Top officials of the European Union on Tuesday expressed readiness to work on concrete agenda with Turkey to push forward economy and migration cooperation between the two sides.
The remarks came after European Commission President Ursula von der Leyen and European Council President Charles Michel met with Turkish President Recep Tayyip Erdogan in Ankara, capital of Turkey.
“The EU is ready to present a concrete agenda to strengthen cooperation on economy and migration, and inter-societal ties,” Michel said at a press conference.
“The rule of law and respect for fundamental rights are core values of the EU, and we shared with President Erdogan our deep worries on the latest developments of Turkey in this respect,” he added.
The EU expects Ankara to respect the European Court of Human Rights (ECHR), which has ruled for the release of jailed businessman Osman Kavala and former co-chair of pro-Kurdish People’s Democratic Party (HDP) Selahattin Demirtas, von der Leyen said.
She further elaborated the areas where Ankara and Brussels can improve ties.
Noting the EU is Turkey’s most important import and export partner, von der Leyen said they would focus on removing difficulties in Customs Union deal in a bid to increase bilateral trade and upgrade the agreement.
Secondly, climate change and public health will also be important topics in high-level dialogue, and thirdly, the EU wants to support Erasmus programs with Turkey for more mobility among people, she added.
Lastly, the EU official noted that they will continue supporting Turkey for the nearly 4 million Syrian refugees it has been sheltering, as part of a 2016 migration deal between Ankara and Brussels.
According to the deal, Turkey promised to prevent migrants and refugees from crossing to Europe in exchange for aid and other political conditions. The EU offered Turkey 6 billion euros (7.1 billion U.S. dollars) to help Syrian refugees.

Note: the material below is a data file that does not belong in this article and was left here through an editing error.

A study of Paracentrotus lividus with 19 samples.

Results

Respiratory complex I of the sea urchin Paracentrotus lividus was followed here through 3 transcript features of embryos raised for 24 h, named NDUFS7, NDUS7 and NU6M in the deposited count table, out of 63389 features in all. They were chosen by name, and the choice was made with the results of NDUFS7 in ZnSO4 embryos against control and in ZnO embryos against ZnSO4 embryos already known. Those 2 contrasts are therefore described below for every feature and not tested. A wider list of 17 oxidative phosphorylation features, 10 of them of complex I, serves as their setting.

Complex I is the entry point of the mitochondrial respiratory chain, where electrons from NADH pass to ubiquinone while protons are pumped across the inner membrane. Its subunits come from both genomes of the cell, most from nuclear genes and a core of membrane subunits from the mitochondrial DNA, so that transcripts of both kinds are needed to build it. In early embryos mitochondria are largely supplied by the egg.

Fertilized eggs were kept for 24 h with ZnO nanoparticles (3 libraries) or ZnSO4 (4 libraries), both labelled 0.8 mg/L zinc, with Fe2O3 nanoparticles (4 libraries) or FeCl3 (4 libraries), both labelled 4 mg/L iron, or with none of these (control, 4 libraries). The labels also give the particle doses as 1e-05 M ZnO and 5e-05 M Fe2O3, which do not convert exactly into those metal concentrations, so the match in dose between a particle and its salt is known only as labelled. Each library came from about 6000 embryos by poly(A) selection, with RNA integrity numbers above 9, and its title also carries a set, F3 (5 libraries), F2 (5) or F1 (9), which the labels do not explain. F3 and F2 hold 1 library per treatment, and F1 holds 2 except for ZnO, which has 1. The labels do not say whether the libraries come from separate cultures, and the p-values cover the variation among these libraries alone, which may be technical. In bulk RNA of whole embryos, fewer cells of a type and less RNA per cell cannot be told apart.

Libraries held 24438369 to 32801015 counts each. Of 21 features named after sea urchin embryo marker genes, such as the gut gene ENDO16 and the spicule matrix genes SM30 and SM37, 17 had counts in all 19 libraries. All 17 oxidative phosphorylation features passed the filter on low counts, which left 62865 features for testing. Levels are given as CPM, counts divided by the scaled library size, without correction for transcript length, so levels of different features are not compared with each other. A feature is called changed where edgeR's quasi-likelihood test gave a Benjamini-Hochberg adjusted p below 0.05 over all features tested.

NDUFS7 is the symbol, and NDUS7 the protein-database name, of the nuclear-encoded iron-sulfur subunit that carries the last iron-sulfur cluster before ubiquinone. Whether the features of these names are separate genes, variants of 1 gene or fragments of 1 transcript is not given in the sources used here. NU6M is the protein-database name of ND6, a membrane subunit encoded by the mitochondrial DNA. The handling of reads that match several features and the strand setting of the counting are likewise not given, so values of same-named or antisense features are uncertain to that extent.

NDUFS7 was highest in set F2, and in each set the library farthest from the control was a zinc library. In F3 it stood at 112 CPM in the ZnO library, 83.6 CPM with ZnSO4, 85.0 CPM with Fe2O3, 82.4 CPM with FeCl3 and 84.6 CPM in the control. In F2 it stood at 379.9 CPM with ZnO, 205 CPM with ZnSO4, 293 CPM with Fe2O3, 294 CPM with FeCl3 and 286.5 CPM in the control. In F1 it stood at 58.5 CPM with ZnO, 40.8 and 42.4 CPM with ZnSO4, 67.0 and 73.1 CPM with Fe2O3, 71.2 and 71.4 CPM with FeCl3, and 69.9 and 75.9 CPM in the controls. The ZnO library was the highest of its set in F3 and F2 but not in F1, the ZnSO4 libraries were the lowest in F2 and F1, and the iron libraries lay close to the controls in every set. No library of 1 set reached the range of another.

However, Ankara wants to revise the deal and get more funds from the EU.
“A revised Turkey-EU migration deal together with the main provisions contained therein would go a long way toward addressing the refugee problem and revitalizing Turkey-EU relations with a positive agenda,” she stated.
Erdogan’s office issued a statement stressing that Turkey wanted the EU “to take concrete steps to support a positive agenda.”
The final objective of Turkey is a full membership of the EU, Erdogan’s spokesperson Ibrahim Kalin said, referring to the accession talks that have been stalled for years.
Erdogan emphasized that the refugee problem should be handled with a sense of shared responsibility, his office said, emphasizing the need for urgent renewal of the migration agreement against the “instability and humanitarian crisis that a new wave of refugees in the region will cause.”
Ankara also called for the renewal of the Customs Union agreement, launching the visa liberalization process for free travel of Turkish citizens in the EU, people-to-people contacts, and high-level political consultations, Kalin said.
Last year, European leaders agreed to tacitly warn Turkey of sanctions regarding longstanding disputes with its NATO partner Greece over drilling rights in the east Mediterranean.
But Ankara and Brussels have found grounds for positive agenda in late 2019 after Turkey withdrew its seismic survey vessel which had been sailing for energy resources in the eastern Mediterranean. Ankara also initiated resumption of talks with Greece over a disputed maritime border.
Turkey has been knocking on the EU’s door for over 40 years and is currently a candidate country. However, accession talks have been frozen for several years because of some member countries’ opposition and the EU’s claim that Ankara failed to adopt its key political criteria.